5 minute read
How machine learning enhances fraud prevention for businesses
Fraudsters never take a break, continuing to find new ways to cause harm to businesses. Yet while they become more sophisticated in their approaches, so are the fraud prevention measures to safeguard businesses. Today, machine learning can be used to enhance fraud prevention, and it's helping businesses of all sizes avoid major losses.
Machine learning for better fraud detection
Machine learning is a form of artificial intelligence (AI) where computer software learns from the data it analyzes and its accuracy improves over time as it gathers more data inputs.
Machine learning has now been integrated into platforms to detect and predict fraud patterns for more accurate prevention. It's quickly becoming a much-needed tool to help businesses combat transaction theft.
Fraud platforms powered with machine learning look for subtle nuances in the payment data that are not readily apparent. They take large amounts of payment data and unearth hidden correlations between cardholder behavior and the likelihood that a transaction is fraudulent. As time goes on, these fraud platforms are able to make adjustments to the algorithms based on changes in the patterns they are "seeing."
For example, with COVID-19, fraud platforms with machine-learning capability had to adapt to a whole new set of transaction patterns. Suddenly in March 2020, a large amount of consumers were restricted to their homes, increasing the purchases they made online, in categories such as groceries, restaurants, and retailing.
In these scenarios, machine learning is very good at adjusting to the new patterns and can do so much faster than a human could. Traditional fraud platforms for merchants use a static set of rules to determine which transactions to accept, reject, or set aside for manual review. This approach is called rules-based detection. It's an effective approach, but it requires more time and human intervention to sort through data, adjust the rules, and perform the manual review of the transactions themselves. Machine learning cuts back on these manual processes and is better equipped to find subtle fraudulent events that may not be detected by the rules-based approach.
A comparsion: Machine-learning and rules-based fraud management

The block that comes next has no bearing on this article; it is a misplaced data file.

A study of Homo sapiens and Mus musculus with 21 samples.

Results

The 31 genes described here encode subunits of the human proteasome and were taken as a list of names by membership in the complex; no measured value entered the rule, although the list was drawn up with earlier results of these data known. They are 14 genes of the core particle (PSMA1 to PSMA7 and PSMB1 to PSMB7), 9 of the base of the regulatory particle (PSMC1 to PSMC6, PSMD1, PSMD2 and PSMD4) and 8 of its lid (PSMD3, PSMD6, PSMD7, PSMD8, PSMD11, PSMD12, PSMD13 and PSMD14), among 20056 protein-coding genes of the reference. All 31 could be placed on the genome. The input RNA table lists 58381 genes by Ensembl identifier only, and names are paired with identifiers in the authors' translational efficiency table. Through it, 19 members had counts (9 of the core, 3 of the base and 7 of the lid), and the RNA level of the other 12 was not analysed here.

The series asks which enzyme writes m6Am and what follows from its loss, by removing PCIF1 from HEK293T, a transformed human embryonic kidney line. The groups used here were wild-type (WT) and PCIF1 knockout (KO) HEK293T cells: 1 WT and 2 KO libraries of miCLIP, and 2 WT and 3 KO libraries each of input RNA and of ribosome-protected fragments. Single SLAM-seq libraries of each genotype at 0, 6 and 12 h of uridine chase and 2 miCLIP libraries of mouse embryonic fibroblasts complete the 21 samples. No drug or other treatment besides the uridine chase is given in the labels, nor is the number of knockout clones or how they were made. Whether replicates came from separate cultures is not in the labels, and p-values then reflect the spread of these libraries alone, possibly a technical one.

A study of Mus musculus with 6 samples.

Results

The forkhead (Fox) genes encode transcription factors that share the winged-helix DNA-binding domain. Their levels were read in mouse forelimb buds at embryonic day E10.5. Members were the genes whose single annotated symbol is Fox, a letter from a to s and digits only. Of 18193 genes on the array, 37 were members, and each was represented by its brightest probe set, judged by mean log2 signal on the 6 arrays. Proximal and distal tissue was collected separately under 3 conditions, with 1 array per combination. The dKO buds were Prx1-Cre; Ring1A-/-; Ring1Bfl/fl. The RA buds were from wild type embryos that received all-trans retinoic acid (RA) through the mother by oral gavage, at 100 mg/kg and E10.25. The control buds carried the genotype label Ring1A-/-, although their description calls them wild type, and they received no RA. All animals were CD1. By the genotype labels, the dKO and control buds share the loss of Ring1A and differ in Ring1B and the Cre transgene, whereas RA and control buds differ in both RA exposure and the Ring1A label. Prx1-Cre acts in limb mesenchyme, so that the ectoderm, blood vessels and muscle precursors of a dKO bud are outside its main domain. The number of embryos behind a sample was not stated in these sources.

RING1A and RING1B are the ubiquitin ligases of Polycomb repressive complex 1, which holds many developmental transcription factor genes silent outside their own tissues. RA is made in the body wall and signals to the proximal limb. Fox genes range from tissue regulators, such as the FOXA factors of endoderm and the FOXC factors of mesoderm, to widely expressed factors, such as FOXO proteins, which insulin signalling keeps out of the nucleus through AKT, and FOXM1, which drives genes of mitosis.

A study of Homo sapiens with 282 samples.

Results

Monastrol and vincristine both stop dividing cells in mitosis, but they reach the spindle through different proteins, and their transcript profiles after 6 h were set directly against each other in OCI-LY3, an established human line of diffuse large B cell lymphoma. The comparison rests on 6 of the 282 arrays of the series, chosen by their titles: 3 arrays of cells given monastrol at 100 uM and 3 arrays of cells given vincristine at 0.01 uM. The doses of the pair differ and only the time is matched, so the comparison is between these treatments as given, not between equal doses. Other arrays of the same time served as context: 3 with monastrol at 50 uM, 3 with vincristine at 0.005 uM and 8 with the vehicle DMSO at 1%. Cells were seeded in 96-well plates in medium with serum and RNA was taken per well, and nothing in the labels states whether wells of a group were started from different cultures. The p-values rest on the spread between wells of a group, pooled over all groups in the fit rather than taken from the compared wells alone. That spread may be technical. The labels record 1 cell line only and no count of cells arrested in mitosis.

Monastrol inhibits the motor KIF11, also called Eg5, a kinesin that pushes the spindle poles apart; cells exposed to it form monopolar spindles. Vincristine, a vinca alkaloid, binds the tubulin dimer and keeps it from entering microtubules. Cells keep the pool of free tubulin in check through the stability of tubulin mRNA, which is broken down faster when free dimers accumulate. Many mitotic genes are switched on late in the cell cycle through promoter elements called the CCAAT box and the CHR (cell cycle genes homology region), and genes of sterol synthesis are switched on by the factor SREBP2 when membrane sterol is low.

On the whole, machine learning helps predict fraud with better precision than other methods. Our solution combines data from more than 68 billion Visa transactions worldwide and over 260 fraud detectors with machine learning of static- and self-learning models. For more tailored targeting, merchants can customize rules to meet unique business needs. It all adds up to maximum prediction accuracy to help prevent more fraud.
Who's at risk?
Every merchant–from the biggest multinationals to the smallest micro-merchants–is at risk of transaction fraud. Large enterprise businesses without sufficient safeguards are vulnerable. Cybercriminals look for high-value, in-demand goods that can be quickly resold. Smaller merchants are also at risk, as fraudsters typically migrate to the weakest link, those that haven't yet employed extra layers of sophisticated fraud prevention.
Today, many merchants aren't doing enough, and have left themselves highly exposed to potential fraud. And unfortunately, merchants often misunderstand the concept of card acceptance liability, which will fall to the seller unless it follows strict card-acceptance rules promulgated by the networks. Common refrains we hear from victims are, “I've been doing this for years and I've never gotten hit," and “It's never happened to us." Understandably, in volatile economic times such as during a pandemic, merchants might be all-too-eager to process large transactions, which at first glance could make a difference between a mediocre and good month sales-wise.
Yet if a sale is too good to be true, it often is. And it's the smaller merchants that are typically the least able to sustain big losses. Once fraudsters find a vulnerable merchant and a transaction goes through, they'll keep hitting the merchant until the business realizes there's something wrong. We often see single fraudulent transactions ranging from $5,000 to $50,000, which can be crippling for smaller operations.
Make machine learning part of your fraud prevention
At a minimum, every merchant needs a fraud strategy. Merchants that have sustained fraud losses often say that what turned out to be a fraudulent transaction was too good to be true. They accepted it and didn't trust their gut. But with stronger anti-fraud measures such as machine learning, they can let the vast computer power of a processing network do the hard work, allowing it to flag suspicious transactions with greater accuracy and lower false positives.
For merchants that can't integrate machine learning at this time, we urge them to use other advanced fraud technology such as 3D Secure 2, which uses biometrics and other methods for quick, smooth authentication on any device. 3D Secure raises the security of an online transaction to the level of a face-to-face transaction at the point of sale. Also, merchants should notify people picking up the goods in person that the transaction will be processed as a face-to-face transaction, which usually stops the fraudsters in their tracks.
Keeping up with the leading fraud prevention technology is protection for businesses of all sizes. After all, fraudsters are constantly refining their tactics. Shouldn't you?